Red, White and Blue of Paid Media Strategy

Paid Media Strategy

Yesterday our country celebrated Independence Day, which makes for a great excuse to write a holiday-centric PPC blog post. Building out a Google AdWords account can be intimidating, and for good reason. All too often digital marketers jeopardize the success and budget of their AdWord’s campaigns with the oversight of some rudimentary best practices. Marketers often execute campaigns without explicitly defining the end goal (no, driving traffic isn’t a sufficient goal) or frequently they will neglect to A/B test ads.

Below we delve into the red, white and blue of how we implement effective paid media campaigns at Katana. Consider adding these tips to your repertoire of online marketing tools, which can lead to an effective paid media strategy.

THE RED – Account Structure

Your campaign is only as good as your account structure. Your account structure is the strategic backbone of any campaign, allowing you to control the “when and where” of your ad placement. A well-executed account structure ensures that your ads are reaching a relevant audience, assures better quality scores and keeps you organized, which in turn is conducive for optimizing. Within an account, your focus should be on six essential components that make up the AdWords funnel.

  1. Campaigns: Depending on the size of the AdWords account, you’ll typically want to divvy your budget across a few broad campaigns.
  2. Ad Groups: Within each campaign are ad groups that speak specifically to the keywords you want to trigger your text or display ads. Be careful to not zealously overextend your budget across too many ad groups, keywords, ads and landing pages as your campaign’s performance may suffer.
  3. Keywords: When an individual types a search term into Google’s search query, specific keywords trigger ads related to the searched term. Although the amount of keywords per ad group vary by campaign, two to three keywords per ad group is a general best practice. Prior to setting your max cost-per-click (CPC), conduct thorough keyword research to concretely understand the different match types.
  4. Negative Keywords: To avoid spending frivolously on low-performing keywords, conducting a Negative Keyword Scrub bi-weekly/weekly should be an essential element of your PPC strategy. If you’re bidding on broad match or modified broad match keywords, your search term report will be cluttered with irrelevant search terms. As you scrub your negative keyword list, regularly update your negative keywords list.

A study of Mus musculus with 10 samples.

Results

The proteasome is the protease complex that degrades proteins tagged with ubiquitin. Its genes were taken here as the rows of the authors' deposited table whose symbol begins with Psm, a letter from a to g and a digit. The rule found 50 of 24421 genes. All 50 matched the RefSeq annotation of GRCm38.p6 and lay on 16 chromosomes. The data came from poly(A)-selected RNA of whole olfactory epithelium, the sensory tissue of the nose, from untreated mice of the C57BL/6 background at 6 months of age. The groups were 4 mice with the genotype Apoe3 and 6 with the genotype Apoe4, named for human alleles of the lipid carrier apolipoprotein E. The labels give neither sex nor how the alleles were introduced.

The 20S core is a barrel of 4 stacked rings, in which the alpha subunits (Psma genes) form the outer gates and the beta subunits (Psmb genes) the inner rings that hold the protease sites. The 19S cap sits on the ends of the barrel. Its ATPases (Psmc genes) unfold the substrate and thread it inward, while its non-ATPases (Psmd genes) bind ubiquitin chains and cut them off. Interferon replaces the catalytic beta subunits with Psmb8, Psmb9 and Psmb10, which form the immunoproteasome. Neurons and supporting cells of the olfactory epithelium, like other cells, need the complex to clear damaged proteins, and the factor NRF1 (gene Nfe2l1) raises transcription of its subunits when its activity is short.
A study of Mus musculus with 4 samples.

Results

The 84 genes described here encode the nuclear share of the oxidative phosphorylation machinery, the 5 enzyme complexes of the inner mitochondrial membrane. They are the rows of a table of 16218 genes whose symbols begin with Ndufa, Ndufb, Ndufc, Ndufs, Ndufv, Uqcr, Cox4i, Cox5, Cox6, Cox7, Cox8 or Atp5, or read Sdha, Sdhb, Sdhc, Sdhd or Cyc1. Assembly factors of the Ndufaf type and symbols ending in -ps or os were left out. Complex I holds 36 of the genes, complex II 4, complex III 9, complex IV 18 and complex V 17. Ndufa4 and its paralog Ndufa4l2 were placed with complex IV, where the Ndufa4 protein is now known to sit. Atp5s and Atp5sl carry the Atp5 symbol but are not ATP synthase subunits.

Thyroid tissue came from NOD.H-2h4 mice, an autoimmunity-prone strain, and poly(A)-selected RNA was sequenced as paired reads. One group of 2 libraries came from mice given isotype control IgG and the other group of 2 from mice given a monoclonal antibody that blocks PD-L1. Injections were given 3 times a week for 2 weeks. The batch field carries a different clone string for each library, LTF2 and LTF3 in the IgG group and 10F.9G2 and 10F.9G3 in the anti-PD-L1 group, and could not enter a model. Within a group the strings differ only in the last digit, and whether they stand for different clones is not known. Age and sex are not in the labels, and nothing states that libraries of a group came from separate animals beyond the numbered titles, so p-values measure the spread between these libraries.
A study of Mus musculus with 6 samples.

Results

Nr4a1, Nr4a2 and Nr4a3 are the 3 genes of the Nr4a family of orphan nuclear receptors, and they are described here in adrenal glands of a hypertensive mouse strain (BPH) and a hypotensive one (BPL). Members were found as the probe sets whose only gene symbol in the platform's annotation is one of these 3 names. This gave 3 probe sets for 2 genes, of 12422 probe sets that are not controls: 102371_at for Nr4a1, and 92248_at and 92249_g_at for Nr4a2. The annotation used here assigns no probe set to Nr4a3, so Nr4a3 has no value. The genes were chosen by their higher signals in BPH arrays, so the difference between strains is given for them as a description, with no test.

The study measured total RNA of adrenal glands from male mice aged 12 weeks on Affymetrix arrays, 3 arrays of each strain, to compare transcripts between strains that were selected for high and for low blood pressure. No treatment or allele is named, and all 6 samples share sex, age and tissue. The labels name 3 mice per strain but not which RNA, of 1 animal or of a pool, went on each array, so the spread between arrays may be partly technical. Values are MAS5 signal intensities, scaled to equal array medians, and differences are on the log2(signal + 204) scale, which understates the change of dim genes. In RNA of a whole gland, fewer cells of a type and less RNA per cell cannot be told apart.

5. Ad Text: In order to get your ads approved, they must follow Google’s strict criteria that regulates character length, copyrighted or inappropriate ads and invasive content. Each ad group should include about two to three ads that direct the user to identical landing pages, and you should be actively running A/B tests to determine which ads are the most effective.
  6. Landing Pages: Upon clicking on your ad, the call-to-action’s destination should be relevant to the landing page. For example, if you’re promoting “Get Your Free Consult Today!” in your ad, the landing page should take the searcher to a form to sign up.

THE WHITE – Targeting

Google offers marketers ample targeting options for the Search Network, including keyword, location and language, device and audience targeting. Likewise, the Display Network offers contextual, keyword, topic, location and language, placement and audience targeting.

However, targeting vastly differentiates from client to client since each account will have its own goals. For the Display network, we recommend implementing Remarketing and Contextual targeting campaigns to initiate the greatest ROI and conversion volume. However, if your account’s goal is to increase brand awareness, you can do so by reaching a larger audience through Topics targeting.

The Search and Display Networks operate with different protocols, therefore requiring unique targeting strategies based on searcher’s behavior and intent. Generally speaking, Display Network visitors start in the “Awareness” stage while Search visitors begin in the “Consideration” phase with potential purchasing intent.

AND THE BLUE – Ad Copy

Since your campaigns should have several variations of ad copy, marketers can end up composing generic, indolent copy. Your text ad has the limited character length of 25, 35 and 35 for your headline, description line one and description line two, respectively. Your text ad should mirror the Search visitor’s end goal, offering a solution to whatever search term or phrase they searched.

Advanced Google AdWords’ users might utilize the dynamic keyword insertion feature – a code that is inserted into the ad text and changes what text appears to a user when triggered by specific keywords. To compete and maintain relevancy, your ads have to address a user’s end goal.

The entire success of your campaign depends on your ability to tests your ads and make the necessary adjustments based on the data you’re getting back. Even if your campaign is performing well, you should still be running A/B tests to continuously optimize the success of your ads.